Supernova in M82! On Tuesday January 21st astronomers first noticed an 11th-magnitude supernova in the galaxy M82 in Ursa Major. It's in the evening sky in reach of amateur telescopes, and it may not be done brightening yet. See our article, Bright Supernova in M82.
Friday, January 17
Monday, January 20
Tuesday, January 21
Wednesday, January 22
Thursday, January 23
Friday, January 24
Saturday, January 25
Want to become a better astronomer? Learn your way around the constellations. They're the key to locating everything fainter and deeper to hunt with binoculars or a telescope.
This is an outdoor nature hobby. For an easy-to-use constellation guide covering the whole evening sky, use the big monthly map in the center of each issue of Sky & Telescope, the essential guide to astronomy. Or download our free Getting Started in Astronomy booklet (which only has bimonthly maps).
Once you get a telescope, to put it to good use you'll need a detailed, large-scale sky atlas (set of charts). The standards are the little Pocket Sky Atlas, which shows stars to magnitude 7.6; the larger and deeper Sky Atlas 2000.0 (stars to magnitude 8.5); and once you know your way around, the even larger Uranometria 2000.0 (stars to magnitude 9.75). And read how to use sky charts with a telescope.
You'll also want a good deep-sky guidebook, such as Sue French's Deep-Sky Wonders collection (which includes its own charts), Sky Atlas 2000.0 Companion by Strong and Sinnott, the bigger Night Sky Observer's Guide by Kepple and Sanner, or the beloved if dated Burnham's Celestial Handbook.
Can a computerized telescope replace charts? Not for beginners, I don't think, and not on mounts and tripods that are less than top-quality mechanically (able to point with better than 0.2° repeatability, which means fairly heavy and expensive). As Terence Dickinson and Alan Dyer say in their invaluable Backyard Astronomer's Guide, "A full appreciation of the universe cannot come without developing the skills to find things in the sky and understanding how the sky works. This knowledge comes only by spending time under the stars with star maps in hand."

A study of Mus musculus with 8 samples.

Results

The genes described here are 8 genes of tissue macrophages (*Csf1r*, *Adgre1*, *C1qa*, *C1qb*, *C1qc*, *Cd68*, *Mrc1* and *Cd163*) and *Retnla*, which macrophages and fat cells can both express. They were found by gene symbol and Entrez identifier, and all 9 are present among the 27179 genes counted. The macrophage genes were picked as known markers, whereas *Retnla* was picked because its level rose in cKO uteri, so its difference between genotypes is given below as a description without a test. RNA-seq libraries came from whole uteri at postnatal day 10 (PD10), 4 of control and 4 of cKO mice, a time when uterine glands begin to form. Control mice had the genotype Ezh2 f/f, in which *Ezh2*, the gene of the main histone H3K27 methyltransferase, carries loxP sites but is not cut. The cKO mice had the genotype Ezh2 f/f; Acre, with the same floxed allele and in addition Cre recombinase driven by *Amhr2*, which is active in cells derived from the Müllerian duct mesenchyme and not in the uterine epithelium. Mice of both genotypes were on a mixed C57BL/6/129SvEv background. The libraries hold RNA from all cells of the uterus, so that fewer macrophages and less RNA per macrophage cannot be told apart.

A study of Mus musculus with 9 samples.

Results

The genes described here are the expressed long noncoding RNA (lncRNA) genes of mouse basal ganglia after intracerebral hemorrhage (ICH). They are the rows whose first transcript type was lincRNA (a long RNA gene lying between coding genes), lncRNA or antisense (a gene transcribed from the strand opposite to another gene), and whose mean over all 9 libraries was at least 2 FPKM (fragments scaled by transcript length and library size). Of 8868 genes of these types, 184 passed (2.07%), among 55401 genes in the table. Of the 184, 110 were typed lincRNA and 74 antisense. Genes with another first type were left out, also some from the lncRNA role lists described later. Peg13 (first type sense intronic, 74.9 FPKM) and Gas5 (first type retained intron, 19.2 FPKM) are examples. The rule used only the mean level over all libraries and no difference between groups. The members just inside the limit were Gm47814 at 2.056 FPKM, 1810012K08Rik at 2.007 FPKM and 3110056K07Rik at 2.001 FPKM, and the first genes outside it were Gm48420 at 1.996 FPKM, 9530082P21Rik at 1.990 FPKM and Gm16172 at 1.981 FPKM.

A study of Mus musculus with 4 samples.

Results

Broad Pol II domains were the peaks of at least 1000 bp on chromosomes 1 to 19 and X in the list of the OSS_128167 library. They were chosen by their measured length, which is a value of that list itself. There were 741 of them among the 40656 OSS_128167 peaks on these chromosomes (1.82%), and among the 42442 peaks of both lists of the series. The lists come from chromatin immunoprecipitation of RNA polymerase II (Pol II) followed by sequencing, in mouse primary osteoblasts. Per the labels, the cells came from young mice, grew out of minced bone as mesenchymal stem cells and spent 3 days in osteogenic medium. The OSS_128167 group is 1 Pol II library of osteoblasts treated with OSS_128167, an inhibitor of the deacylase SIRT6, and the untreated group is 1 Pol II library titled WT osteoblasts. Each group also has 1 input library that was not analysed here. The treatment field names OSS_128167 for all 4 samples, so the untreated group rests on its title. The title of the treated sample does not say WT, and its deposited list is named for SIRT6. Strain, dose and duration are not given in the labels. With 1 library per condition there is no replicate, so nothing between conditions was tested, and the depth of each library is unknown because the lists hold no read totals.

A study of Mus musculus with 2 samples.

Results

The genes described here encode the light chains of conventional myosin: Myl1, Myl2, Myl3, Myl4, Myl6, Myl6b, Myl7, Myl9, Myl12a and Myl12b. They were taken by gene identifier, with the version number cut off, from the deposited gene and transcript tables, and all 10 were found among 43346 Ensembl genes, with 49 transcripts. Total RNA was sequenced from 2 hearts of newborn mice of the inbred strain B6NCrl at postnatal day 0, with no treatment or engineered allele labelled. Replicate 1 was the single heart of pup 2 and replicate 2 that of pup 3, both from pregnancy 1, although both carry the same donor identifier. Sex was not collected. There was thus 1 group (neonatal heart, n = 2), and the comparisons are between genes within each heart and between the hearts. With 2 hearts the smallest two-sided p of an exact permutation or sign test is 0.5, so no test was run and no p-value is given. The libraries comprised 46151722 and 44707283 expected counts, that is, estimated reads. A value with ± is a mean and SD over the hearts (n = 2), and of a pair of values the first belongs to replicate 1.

This Week's Planet Roundup
Mercury (magnitude –0.9) is emerging into twilight view after sunset. Look for it above the west-southwest horizon about 30 to 45 minutes after sunset. It's becoming higher in darker twilight every day.
Venus (about magnitude –4.4) is now plain to see low in early dawn; look east-southeast. It too is becoming higher every day.
In a telescope Venus is a very thin, large crescent following its inferior conjunction on January 11th.
Mars (magnitude +0.5, in Virgo) rises around 11 or midnight. Spica, not quite as bright at magnitude +1.0, rises about 6° below it. They're highest in the south before the first light of dawn, with Spica now to Mars's lower left.
In a telescope Mars is still pretty small, 8 arcseconds wide. It'll be nearly twice this diameter (15.1″) when closest in mid-April.
Jupiter (magnitude –2.7, in Gemini) dominates the eastern sky in the evening and crosses nearly overhead (for mid-northern observers) around 11 p.m.
Saturn (magnitude +0.6, in Libra) rises around 2 a.m. and is well up in the southeast as dawn begins to brighten. By then it's far lower left of Mars and Spica, and even farther below brighter Arcturus.
Uranus (magnitude 5.9, in Pisces) is still well up in the southwest right after dark. Finder chart.
Neptune (magnitude 8.0, in Aquarius) is low in the west-southwest at nightfall.
All descriptions that relate to your horizon — including the words up, down, right, and left — are written for the world's mid-northern latitudes. Descriptions that also depend on longitude (mainly Moon positions) are for North America.
Eastern Standard Time (EST) is Universal Time (UT, UTC, or GMT) minus 5 hours.